We recognize the kingdom of God by recognizing Jesus as king. That may not be obvious, because Jesus constantly proclaimed God’s kingship without overtly claiming to be king. Only when heaven had revealed his kingship did Jesus begin to reveal his plan to build the community around his kingship (16:16-19).
In fact, he doesn’t mention his throne until his disciples start to question whether Jesus can deliver what he promised. He floored them by declaring that the powerful would kill him (16:20-22; 17:22-23). He devastated them by describing the wealthy as a humanly impossible problem for his kingdom agenda (19:23-26). They start to wonder if pinning their hopes on Jesus to lead them into the regenerated world was worth it.
Matthew 29:27-28 (my translation, compare NIV)
27 Then Peter replied, “Look, we let go of everything and followed you. What can we expect?”
28 Jesus said to them, “Truly I tell you, that you — the ones following me into the regenerated world — when the son of man sits on his glorious throne, you will be seated on twelve thrones too, judging the twelve tribes of Israel.
People today argue over whether the kingdom is already present, or future. For Jesus, the entire human story is the kingdom of God. It’s the renewal of creation, the resolution of Israel’s story, the authority of his disciples, and the restoration of the divine throne over the earth.
The kingdom is both the restoration of our past and the promise of our future.
Restoration of the past
Jesus’ disciples follow him into the regenerated world (οἱ ἀκολουθήσαντές μοι ἐν τῇ παλιγγενεσίᾳ). Creation is being rebirthed (palingenesia = born again) in him. Earth was established as a kingdom of heaven: humans endowed with God’s sovereign authority, given dominion over creation. Jesus is the human descendant (the son of man) who restores divine kingship to the rebirthed world.
This regeneration process began with one nation (Israel) under God’s kingship. Abraham left everything (like the disciples), trusting God to re-establish the world as a city under divine reign (Hebrews 11:8-10). The descendants of Jacob’s twelve sons were God’s representative kingdom. But this nation disintegrated like the world. The northern tribes were overrun by Assyria, mixed in with the nations (2 Kings 17:24). The remaining tribe (Judah) fell to foreign kingdoms, losing their national identity as a kingdom under God.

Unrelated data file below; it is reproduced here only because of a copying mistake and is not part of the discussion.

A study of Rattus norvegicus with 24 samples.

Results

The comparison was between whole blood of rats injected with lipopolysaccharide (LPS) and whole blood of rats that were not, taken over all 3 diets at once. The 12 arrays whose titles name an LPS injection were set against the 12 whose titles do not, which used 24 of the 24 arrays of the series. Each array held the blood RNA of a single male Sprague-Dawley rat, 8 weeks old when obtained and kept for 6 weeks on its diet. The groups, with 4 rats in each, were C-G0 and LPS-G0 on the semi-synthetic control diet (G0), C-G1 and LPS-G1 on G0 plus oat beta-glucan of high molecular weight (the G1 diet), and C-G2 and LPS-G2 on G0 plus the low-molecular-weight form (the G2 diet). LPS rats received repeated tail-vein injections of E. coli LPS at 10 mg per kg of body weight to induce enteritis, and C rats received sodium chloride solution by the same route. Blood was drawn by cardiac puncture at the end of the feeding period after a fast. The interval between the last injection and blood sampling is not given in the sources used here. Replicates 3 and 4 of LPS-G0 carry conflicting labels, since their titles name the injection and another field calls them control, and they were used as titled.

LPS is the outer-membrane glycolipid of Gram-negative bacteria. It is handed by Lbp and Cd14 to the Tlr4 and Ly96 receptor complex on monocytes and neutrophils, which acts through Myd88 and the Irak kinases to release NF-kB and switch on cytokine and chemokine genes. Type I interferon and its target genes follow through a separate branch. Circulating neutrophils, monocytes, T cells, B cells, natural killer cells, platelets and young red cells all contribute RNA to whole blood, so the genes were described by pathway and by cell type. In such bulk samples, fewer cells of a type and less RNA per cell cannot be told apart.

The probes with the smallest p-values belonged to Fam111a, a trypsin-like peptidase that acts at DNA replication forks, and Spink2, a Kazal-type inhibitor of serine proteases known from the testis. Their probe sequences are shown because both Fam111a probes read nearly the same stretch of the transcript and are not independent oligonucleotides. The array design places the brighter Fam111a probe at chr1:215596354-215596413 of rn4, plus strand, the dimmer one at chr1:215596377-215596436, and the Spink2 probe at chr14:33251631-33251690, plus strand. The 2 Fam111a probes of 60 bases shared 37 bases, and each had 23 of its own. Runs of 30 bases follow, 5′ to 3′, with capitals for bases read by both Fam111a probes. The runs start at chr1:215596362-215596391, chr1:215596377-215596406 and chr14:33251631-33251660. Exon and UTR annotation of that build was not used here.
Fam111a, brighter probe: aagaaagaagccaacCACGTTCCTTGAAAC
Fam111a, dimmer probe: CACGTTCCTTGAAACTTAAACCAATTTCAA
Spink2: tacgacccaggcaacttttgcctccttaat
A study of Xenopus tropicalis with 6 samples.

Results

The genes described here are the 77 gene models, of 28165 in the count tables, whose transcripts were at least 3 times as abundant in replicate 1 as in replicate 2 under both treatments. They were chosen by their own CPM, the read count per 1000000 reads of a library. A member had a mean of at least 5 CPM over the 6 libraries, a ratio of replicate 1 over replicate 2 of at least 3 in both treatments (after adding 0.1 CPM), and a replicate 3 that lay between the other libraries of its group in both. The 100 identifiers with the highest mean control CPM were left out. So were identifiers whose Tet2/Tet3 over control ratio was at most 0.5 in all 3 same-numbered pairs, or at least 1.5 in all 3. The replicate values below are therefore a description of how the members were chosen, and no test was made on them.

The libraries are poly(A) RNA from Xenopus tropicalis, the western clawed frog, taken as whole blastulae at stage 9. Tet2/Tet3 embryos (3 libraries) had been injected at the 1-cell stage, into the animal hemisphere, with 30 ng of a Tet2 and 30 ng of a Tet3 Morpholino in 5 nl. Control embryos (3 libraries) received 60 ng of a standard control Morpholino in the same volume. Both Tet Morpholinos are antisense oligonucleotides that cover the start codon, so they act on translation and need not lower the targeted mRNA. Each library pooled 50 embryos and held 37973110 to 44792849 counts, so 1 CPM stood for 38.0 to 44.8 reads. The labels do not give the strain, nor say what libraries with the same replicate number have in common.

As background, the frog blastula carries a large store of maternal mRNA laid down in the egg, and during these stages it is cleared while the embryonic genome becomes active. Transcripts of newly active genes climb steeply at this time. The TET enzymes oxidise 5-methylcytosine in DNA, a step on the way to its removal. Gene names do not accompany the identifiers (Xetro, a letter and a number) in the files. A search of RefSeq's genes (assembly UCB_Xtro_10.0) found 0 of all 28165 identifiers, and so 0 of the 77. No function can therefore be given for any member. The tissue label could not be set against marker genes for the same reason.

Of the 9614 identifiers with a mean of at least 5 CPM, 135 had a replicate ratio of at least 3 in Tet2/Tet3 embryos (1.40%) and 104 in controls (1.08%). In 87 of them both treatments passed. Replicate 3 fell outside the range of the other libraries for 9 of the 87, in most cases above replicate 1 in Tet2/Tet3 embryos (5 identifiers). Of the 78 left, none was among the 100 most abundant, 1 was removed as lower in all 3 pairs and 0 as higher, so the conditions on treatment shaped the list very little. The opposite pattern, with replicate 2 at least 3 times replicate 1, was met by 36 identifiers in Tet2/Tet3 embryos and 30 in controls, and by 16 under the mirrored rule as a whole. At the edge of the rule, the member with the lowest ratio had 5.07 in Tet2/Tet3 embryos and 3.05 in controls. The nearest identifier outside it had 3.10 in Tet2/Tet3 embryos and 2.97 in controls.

After the exile, some returned to live under foreign powers. These Jews were not just from Judah. Chronicles records a remnant from most (but not all) tribes. So when Jesus chose twelve apostles, he was re-birthing the people of God. He was their anointed king, and they would rule with him.
In exile, Daniel had received a dream on how God would re-establish his kingdom. The beasts were tearing the world apart, but earth’s faithful sovereign would take the kingdom from them and give it to one like a son of man (Daniel 7:13-14). This son of man restores divine authority not only to Israel but to the whole earth: all nations and peoples of every language bow to him (7:14).
In the human descendant (son of man), humanity returns to divine rule. Creation is rebirthed. Humans are restored as regal agents of the heavenly sovereign. Just as the twelve sons of Jacob received authority as God’s kingdom servants, so Jesus gives his twelve emissaries (apostles) his kingdom authority.
That’s what the image of their reigning on twelve thrones represents. They share in the authority of his glorious throne. The holy people receive the kingdom in him (Daniel 7:18, 22, 27).
Promise of a future
So don’t imagine literal thrones for Jesus and his disciples. He used the language of Daniel 7, where thrones were set in place, and God himself took his seat (7:9) as did his court (7:10). The son of man receives the kingdom (7:13), delegating his authority to his people: the holy people of the Most High will receive the kingdom and will possess it forever — yes, for ever and ever (Daniel 7:18).
God fulfilled this vision when he raised his anointed ruler (the Christ) from death to the throne. He won the victory over sin and death. He shares his Father’s throne, so those who share in his victory share his throne (Revelation 3:21).
Not everyone submits to his authority yet, but Christ’s resurrection guarantees the rebirth of creation, the complete restoration of God’s reign over the earth for us all. This is the great reversal of power:
29 And all who have let go of houses or brothers or sisters or father or mother of children or property on account of my name will received a hundredfold and inherit eternal life. 30 Many of those who were first will be last, and the last first.
Those who have gained power through war and conquest will lose it, while the downtrodden will be elevated. Leading the captives out of oppression and death is our resurrected king.
Those who are bound to their possessions find it hard to enter this restored world (Matthew 19:16-27). Those who are bound to Jesus’ kingship over family or business pursuits will not miss out. What could be better than being rewarded with his eternal reign?
Just as Jesus was not talking about literal thrones, he was not speaking of individual prosperity. You will not have a literal 100 mothers.
What we will have is the richness of a shared communal life beyond anything we have ever dreamed — shared family, shared property, sharing the world under God’s reign as he always intended, all brought to reality in Jesus Christ our Lord.
So, seek first his kingdom, what’s right for his realm, and everything else will follow suit.